What's the Worst Thing You've Seen on BART? (You Know You Have a Story…)


On Facebook, KTVU anchor Frank Somerville posted a picture of a man injecting himself in the leg at the Civic Center BART Station. Somerville’s post received thousands of responses from riders. Riders provided picture of their unfortunate experiences. They included photos of abandoned needles, a pile of human waste, other drug paraphernalia, inappropriate behavior and more. 

“I’ve seen urine on the floor. That’s probably the worst,” said Margie Wiersma, a regular morning BART rider. “Actually no, I’ve seen feces on the chairs…those are the cars you stay away from.”

BART encourages riders to alert the train operator of biohazard wastes or other emergency situations by using the train phones or calling the number provided. They say a cleaning crew person also checks the length of each train after every loop. At the end of the night, cars get a more thorough cleaning.

“Generally you don’t see anyone come on the train,” said Wiersma. “You don’t see maintenance people. You don’t see BART police unless there’s trouble, and there’s been trouble before and BART police respond maybe 20 minutes later when people have already gotten off the train.”

Trista Beauchamp was one of the thousands of people who responded to Somerville’s post. She provided photos of her early morning experience.

“I was riding one day and saw a gentleman sleeping which is not out of the ordinary. At one point, he got up, took a stretch, went between cars and relieved himself. He came back and went back to sleep,” said Beauchamp. 

“I wasn’t in shock, but it’s never been in front of my face like that,” she said. 

Out of the thousands of responses 2 Investigates looked over, a broad commonality was apparent. Many respondents expressed a nonchalant acceptance of biohazards or drug-use they’ve encountered.

“The craziest thing I’ve seen is needles…that’s a safety thing because you can catch AIDS and anything from that,” said rider Jakari Williams. “[Riders] just rub it off their shoulders.”

“After you ride BART so long, you start to see this stuff so much it becomes part of the natural thing with BART,” said rider Dominic Spears.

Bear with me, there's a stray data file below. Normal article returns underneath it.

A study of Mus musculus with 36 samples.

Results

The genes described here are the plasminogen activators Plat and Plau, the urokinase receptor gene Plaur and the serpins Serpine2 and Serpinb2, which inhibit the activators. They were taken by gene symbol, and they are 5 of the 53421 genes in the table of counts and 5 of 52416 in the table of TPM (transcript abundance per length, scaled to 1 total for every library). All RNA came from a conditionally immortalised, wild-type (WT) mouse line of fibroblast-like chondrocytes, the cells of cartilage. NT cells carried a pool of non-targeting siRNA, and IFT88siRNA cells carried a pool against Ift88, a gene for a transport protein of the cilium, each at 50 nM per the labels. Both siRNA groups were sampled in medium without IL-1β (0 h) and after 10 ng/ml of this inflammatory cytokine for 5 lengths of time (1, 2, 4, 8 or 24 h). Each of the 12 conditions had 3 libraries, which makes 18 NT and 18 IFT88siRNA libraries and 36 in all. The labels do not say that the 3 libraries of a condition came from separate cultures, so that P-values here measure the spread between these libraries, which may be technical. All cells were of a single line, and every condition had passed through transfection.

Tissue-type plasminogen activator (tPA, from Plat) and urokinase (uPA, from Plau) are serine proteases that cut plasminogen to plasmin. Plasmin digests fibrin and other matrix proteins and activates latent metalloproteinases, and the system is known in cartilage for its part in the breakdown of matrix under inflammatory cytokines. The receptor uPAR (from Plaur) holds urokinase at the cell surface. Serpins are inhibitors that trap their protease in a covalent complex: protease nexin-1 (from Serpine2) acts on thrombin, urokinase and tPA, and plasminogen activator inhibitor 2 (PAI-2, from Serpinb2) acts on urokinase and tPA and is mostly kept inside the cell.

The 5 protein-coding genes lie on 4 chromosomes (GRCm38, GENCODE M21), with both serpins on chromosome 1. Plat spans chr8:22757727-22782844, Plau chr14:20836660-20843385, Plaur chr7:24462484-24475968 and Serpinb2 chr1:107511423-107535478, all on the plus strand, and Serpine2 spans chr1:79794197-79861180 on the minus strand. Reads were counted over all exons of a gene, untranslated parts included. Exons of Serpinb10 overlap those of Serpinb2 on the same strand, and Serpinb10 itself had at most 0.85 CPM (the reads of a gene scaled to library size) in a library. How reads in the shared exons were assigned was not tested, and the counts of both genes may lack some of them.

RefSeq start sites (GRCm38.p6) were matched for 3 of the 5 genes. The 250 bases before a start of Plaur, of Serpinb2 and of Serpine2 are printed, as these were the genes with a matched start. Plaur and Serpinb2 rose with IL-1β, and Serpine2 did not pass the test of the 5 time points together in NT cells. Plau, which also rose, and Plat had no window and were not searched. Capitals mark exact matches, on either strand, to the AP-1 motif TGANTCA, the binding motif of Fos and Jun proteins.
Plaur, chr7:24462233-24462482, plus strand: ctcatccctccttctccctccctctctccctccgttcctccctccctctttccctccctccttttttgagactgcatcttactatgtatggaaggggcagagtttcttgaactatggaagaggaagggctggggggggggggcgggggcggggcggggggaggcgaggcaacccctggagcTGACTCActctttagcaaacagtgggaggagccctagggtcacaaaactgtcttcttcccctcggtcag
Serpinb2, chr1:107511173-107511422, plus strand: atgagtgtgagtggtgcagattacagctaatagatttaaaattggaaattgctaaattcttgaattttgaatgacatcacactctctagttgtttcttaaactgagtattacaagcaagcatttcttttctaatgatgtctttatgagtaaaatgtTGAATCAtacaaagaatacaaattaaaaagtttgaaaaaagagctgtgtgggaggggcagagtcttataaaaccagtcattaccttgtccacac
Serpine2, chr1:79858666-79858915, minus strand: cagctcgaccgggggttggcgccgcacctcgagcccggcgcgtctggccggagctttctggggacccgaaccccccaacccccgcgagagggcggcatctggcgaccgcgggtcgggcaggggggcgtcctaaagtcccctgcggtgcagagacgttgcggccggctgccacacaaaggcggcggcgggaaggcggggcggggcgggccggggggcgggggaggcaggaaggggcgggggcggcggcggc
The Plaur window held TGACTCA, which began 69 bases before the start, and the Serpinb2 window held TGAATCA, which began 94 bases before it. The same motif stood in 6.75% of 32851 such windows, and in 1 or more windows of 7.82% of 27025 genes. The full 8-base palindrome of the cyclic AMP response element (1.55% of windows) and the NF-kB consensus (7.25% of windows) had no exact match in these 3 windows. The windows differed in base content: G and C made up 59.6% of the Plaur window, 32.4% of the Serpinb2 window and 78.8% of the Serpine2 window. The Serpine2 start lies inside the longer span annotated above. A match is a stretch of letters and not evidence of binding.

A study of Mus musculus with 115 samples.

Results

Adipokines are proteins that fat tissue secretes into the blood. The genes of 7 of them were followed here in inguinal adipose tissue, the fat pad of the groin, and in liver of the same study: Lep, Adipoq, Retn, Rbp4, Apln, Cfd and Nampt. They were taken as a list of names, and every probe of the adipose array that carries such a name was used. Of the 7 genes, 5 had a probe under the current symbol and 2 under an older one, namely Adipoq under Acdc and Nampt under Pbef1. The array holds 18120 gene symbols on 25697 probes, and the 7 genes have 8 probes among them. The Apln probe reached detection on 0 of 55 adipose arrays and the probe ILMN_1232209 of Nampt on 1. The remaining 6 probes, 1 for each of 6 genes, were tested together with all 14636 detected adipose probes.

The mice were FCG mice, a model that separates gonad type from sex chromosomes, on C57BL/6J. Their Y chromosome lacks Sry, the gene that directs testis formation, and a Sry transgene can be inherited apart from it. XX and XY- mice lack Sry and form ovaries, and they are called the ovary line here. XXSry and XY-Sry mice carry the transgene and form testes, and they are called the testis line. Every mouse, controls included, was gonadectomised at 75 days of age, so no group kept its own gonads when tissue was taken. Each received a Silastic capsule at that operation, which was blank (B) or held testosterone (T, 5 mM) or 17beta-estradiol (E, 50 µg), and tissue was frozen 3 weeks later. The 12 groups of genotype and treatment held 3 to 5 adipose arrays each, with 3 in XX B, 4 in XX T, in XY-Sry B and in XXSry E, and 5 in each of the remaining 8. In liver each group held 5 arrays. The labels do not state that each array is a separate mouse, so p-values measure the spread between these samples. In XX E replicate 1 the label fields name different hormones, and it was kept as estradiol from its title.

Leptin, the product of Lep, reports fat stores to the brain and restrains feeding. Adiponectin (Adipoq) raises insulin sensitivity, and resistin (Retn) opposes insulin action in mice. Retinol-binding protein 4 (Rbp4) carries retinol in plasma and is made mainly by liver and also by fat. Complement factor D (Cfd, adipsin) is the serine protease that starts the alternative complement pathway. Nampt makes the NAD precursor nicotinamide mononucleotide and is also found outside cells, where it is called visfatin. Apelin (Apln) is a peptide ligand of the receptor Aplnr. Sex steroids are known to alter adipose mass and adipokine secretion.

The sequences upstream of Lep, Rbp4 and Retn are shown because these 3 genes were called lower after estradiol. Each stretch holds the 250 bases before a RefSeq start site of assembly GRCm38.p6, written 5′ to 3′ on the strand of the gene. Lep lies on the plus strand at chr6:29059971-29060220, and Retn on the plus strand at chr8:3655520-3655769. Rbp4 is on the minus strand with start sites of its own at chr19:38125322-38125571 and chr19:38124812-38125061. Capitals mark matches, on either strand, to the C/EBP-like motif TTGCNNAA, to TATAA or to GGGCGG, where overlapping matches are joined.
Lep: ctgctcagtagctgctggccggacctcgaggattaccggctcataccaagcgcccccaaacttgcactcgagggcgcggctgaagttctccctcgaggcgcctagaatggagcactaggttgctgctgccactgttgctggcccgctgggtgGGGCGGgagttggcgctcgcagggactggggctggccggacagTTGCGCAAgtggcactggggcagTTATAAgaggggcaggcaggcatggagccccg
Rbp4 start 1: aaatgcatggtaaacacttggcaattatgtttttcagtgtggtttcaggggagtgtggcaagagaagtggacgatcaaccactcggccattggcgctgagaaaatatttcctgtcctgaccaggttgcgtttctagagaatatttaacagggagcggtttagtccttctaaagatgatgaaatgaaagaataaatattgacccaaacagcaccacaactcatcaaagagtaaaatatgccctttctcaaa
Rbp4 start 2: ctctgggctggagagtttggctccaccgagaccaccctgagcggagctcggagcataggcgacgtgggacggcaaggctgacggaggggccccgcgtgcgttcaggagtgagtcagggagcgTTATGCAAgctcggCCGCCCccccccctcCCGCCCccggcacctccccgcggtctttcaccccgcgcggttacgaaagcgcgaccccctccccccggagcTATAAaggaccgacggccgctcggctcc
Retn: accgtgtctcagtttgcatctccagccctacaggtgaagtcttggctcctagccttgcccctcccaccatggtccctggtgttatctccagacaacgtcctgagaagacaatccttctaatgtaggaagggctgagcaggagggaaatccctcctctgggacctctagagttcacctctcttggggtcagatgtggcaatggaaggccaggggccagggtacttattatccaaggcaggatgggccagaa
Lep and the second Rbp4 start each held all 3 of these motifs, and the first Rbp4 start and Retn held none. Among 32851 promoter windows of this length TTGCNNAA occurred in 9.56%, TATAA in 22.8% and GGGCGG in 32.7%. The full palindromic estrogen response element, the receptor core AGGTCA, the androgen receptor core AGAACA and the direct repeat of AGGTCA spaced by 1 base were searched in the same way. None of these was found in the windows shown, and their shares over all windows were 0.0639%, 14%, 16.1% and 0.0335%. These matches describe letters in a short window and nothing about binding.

After numerous request, BART declined an on-camera interview with 2 Investigates. They referred our team to their previous emails and website. 

On Facebook, BART responded to Somerville’s post showing a pile of human waste in a car. A spokesperson wrote, “We are so sorry our riders are expose to this and there are things that happen on mass transit that shouldn’t. We do have staff that walk the length of the train to clean it for each loop ran (and we are so thankful for their work!!) This may have happened before we found it and riders may not have even reported it to the train operator…if we have a biohazard report we absolutely send someone to clean it – we’ll even take the car out of service if we have to. We are a transit agency and we are dealing with the impacts of a homeless crisis. We just launched several new programs to help connect homeless people to services and to address open drug use.”

When we posted the web version of this story ahead of the television segment's airing, BART made additional comments from their Twitter page that emphasized they are a "transit agency, not a social service agency" and that they don't have the means to deal with the homeless crisis. 

A BART spokesperson said they have as many as 595 trains in service in the morning. In a video created by BART, a cleaning crew member said it was impossible for every car to undergo a thorough cleaning.